What you're watching these days on the Big Screen and the Small Screen.



The big issue with even the best 35mm cameras for this sort of thing tends to be the magazine; it not only extends the length of the camera but sticks up above (even when it's a backloaded 400 ft.). Theoretically you could use a 200 footer but I have rarely seen those trotted out. The Cinealta is no "little guy" by any means, but stripped down without a lot of hardware on the back and a prime lens, it might just be handier. You can also potentially use a remote LCD monitor and not have to have your eye in the eyepiece, which would help get into really tight corners. That's possible with a film camera also, but you are risking not seeing something gnarly in the frame with the lower resolution video tap, so we try to avoid that.

But I think the real issue here was not whether the 900 was better suited physically than any given film camera, knowing that Mann was using HD specifically to "see" into the night; it would be whether the 900 or the Viper would be best suited. I'm actually surprised that the 900 won out because I believe the Viper is the smaller camera (more hardware to contend with, but that was housed on the camera car, so as long as the picture vehicle was being towed...)

I think I'm rambling.

Wow, that's a lot of scratch. -->>>

I think the $65M is just tom's take:')

I spent a lot of time "looking" at the film, and I still can't decide whether the HD look of the film was intentional or not. There's a quality to the motion that definitely says "video"...almost a deinterlaced look...blurry whenever something moves...yet on the otherhand its mostly really sharp, very detailed, and certainly without all the color anomalies I've seen with other video to film projects.

I think the grain was really a product of the low light levels used throughout to hold background details...I mean they captured the silhouettes of trees against a dark sky...really phenomenal how you get a sense of how the night feels in LA...The grain really wasn't objectional to me. the only thing that bugged me was the overall color cast...sort of a desaturated, slighly-green flatness...you could tell that the camera was capable of registering more color--every once in awhile they'd throw in some orange, red, or yellow to spice things up.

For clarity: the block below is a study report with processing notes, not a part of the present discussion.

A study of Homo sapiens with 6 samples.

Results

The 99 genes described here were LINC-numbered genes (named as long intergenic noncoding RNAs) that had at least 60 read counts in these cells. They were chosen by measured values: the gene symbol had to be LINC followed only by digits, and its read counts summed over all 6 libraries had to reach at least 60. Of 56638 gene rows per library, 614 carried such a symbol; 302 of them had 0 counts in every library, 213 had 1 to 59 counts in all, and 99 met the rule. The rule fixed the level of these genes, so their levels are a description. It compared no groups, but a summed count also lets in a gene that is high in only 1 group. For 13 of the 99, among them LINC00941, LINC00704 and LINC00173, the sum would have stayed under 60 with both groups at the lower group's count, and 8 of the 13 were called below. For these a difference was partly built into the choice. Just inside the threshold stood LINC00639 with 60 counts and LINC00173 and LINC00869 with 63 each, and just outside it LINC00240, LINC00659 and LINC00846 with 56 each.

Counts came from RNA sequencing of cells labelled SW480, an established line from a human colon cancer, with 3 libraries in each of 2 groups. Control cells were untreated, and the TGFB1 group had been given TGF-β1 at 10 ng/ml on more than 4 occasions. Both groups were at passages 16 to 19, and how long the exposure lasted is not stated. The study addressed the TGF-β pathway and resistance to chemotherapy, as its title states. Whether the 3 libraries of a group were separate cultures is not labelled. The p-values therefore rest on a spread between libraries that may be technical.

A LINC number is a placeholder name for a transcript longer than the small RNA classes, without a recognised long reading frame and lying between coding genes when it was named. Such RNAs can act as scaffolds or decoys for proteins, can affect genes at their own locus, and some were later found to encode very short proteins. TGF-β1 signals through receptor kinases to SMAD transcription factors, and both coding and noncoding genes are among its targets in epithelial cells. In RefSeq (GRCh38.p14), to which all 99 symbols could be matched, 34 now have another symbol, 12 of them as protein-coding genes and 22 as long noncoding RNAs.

Regardless, it was a phenomenal film. Tight, Gritty...everybody did their job and then some.


They said the Viper was less portable. In the Star Wars Ep. 2 DVD, they talk about how BIG the 900 is.


i saw it last night.....yes it still looks like video...even after being blown to 35 but who cares....it was a great movie and as we all know.... if the story is good..dont matter what its filmed on! :D

Your site comes up, then defaults to microsoft.com on my Mac's browser, Safari.


That just proves that there really are no rules in filmmaking...just be sure you have a good story, then go ahead and make the darn thing.

Time to take the camera off that tripod...(but not like Bourne Supremacy).

If people are interested in further use of the HD, I would recommend trying to see "All Tomorrow's Parties", which is a post-apocalyptic drama shot by a Chinese director. It is superb-looking. Beautiful.


Someone asked how they shot the car interiors by the way, and the other day I saw one of those fawning "making of" documentaries on HBO. They actually built this tree-house sized shack over the front of the car and towed it around LA. The American Cinematographer article also mentions that they used some new type of lighting for the interior of the car. They said it resembled foam core and could be cut to fit. There's little pieces of it all over the interior of the car.

Also, I can't help but mention that I was really upset when I found out the plot of this movie because I had just finished writing a script with almost the exact same premise, as Keith Loh can verify. I'm not saying they stole my idea or anything, as they were already in production before I even finished writing, but how weird is that? My bad guy was a serial killer though, and the driver was some poor sap who happened to share a taxi with him, so it wasn't exactly the same, but close enough for me to abandon the project. Sigh.

Just as long as you stay away from L.A. :)

i know EXACTLY how you feel! it goes to show ya that if you don't do it quickly enough someone ELSE will find a way to do it. not to toot my own horns but i've always wanted to do a sequence where an action character (like a john woo gun-touting chow yun-fat hero) uses guns (or one machine-gun) is in a room and every exit/entrace is blocked by heavy enemy fire and he's the only guy left. so what does he do? he uses his gun to shoot a circle around where he stands and then the entire floor-board falls through to the lower floor (we're assuming he's on the 2nd floor or above). anyway they already did that in underworld. my jaw dropped when i saw that in the TRAILER of underworld. but my idea was a wee bit different though... so i still may do it =).